Pakistan punish Australia on opening day of second Test
Younis Khan became the first batsman in 90 years to hit three hundreds in consecutive innings against Australia as Pakistan took an early advantage in the second Test in Abu Dhabi on Thursday.cricket Updated: Oct 30, 2014 21:56 IST
Younis Khan became the first batsman in 90 years to hit three hundreds in consecutive innings against Australia as Pakistan took an early advantage in the second Test in Abu Dhabi on Thursday.
The 36-year-old, who smashed twin hundreds in the first Test, notched 111 not out for his 27th century to help Pakistan close the opening day on a solid footing of 304-2 after they won the toss and elected to bat on a flat Sheikh Zayed Stadium pitch.
In the last over before stumps, Azhar Ali also completed his sixth Test hundred and was unbeaten on 101 on a day Australia used as many as eight bowlers and unusual fielding placings but failed to break the Ali-Younis third wicket stand which has so far yielded 208 runs.
Younis lofted spinner Glenn Maxwell to long-on boundary for his tenth four to complete his hundred before raising his bat to his teammates and a few dozen people who gave him a standing ovation.
England's Herbert Sutcliffe was the last man to score three hundreds in three consecutive Test innings against Australia way back in 1924-25.
Before Younis three Pakistani batsmen, Zaheer Abbas (vs India in 1982) Mudassar Nazar (vs India in 1982) and Mohammad Yousuf (vs West Indies in 2006) had achieved three consecutive centuries.
So ruthless was Younis that even the second new ball, taken soon after it was due, couldn't disturb him. He has so far hit ten fours and a six during his 155-ball knock.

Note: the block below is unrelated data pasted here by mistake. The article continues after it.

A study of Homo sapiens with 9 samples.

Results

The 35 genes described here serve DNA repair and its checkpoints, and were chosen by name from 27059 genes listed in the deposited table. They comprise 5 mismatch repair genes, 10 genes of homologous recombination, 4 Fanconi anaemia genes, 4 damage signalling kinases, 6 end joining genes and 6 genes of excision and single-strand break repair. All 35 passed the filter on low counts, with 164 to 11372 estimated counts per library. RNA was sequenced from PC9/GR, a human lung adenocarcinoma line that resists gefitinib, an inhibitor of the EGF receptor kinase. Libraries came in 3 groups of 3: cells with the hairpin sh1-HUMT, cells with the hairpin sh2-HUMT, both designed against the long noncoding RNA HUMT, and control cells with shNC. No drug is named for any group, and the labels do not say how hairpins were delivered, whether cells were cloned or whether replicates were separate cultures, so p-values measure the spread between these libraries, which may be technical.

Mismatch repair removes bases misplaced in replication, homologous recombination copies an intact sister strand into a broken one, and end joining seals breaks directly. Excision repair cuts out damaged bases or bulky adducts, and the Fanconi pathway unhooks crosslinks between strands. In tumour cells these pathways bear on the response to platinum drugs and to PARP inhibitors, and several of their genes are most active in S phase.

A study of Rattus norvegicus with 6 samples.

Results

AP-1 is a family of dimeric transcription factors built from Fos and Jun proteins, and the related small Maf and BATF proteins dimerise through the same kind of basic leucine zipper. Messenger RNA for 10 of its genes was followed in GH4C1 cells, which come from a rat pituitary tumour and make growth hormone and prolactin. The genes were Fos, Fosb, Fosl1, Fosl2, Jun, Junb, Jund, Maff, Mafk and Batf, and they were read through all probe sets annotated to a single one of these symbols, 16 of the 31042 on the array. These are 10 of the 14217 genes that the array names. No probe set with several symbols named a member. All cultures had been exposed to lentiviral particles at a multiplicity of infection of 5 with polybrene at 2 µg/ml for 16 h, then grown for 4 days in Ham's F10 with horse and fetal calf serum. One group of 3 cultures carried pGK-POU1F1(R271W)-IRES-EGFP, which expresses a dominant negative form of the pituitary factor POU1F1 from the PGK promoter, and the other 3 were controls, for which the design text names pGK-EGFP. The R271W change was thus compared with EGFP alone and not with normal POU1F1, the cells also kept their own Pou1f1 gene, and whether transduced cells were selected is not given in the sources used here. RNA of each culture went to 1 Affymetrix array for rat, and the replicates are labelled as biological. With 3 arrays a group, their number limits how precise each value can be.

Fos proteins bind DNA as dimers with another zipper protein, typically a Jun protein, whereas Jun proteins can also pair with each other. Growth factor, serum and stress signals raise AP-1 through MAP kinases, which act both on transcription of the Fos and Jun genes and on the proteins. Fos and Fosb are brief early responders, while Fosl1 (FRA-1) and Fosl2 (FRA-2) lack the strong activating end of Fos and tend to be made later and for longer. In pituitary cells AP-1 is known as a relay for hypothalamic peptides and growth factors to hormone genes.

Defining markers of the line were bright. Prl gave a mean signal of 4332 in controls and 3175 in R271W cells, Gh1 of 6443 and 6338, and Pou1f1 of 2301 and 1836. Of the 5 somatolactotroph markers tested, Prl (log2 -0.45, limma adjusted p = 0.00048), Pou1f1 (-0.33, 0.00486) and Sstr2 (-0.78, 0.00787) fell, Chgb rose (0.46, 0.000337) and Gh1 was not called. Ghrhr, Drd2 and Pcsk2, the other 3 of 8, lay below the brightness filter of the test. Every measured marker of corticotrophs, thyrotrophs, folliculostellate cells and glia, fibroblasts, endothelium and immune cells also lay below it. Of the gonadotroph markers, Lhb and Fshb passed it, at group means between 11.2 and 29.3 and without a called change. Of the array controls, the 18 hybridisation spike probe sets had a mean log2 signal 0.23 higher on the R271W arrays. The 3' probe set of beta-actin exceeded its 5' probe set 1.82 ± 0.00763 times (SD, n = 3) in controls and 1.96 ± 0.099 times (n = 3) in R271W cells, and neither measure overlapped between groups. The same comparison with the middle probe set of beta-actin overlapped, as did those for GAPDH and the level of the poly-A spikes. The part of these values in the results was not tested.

Things went wrong for Michael Clarke right from the toss when he wrongly called tails.
He did everything, from using two short mid-wickets, a short mid-on and a man almost behind the umpire at the bowler's end, but even that failed to get him any wickets, leaving him frustrated in his bids to avoid a first series defeat against Pakistan since 1994.
Pakistan won the first Test of the two-match series by 221 runs in Dubai.
"It was a tough day," said Clarke. "I tried everything, some unorthodox fields but we couldn't take as many wickets as we would have wanted and that's disappointing."
Ali expressed admiration for Younis's form.
"I don't have words to describe the way he batted," said Ali. "We are in a good position but it's a long way to go and we have to apply ourselves in every session in this match."
Younis survived two leg-before reviews, off Maxwell when on 35 and off Steven Smith when on 68.
Ali, who hit six fours off 223 balls, also survived two sharp chances, on 34 and 46, epitomising an unrewarding day for Australia.
Openers Ahmed Shehzad (35) and Mohammad Hafeez (45) were out either side of lunch.
Hafeez fell to an edge behind the wicket off paceman Mitchell Johnson who toiled hard for his figures of one for 50.
Shehzad was shaping up well during his 64-ball knock, hitting three fours before he missed a delivery from spinner Lyon and was trapped leg-before.
Clarke juggled his pace bowlers before bringing Lyon on in the 14th over to get the needed breakthrough.
Pakistan kept the same XI while Australia brought in paceman Mitchell Starc and spinning all-rounder Maxwell for batsman Alex Doolan and left-arm spinner Steve O'Keefe, preferring a three-prong pace attack with one spinner in Lyon.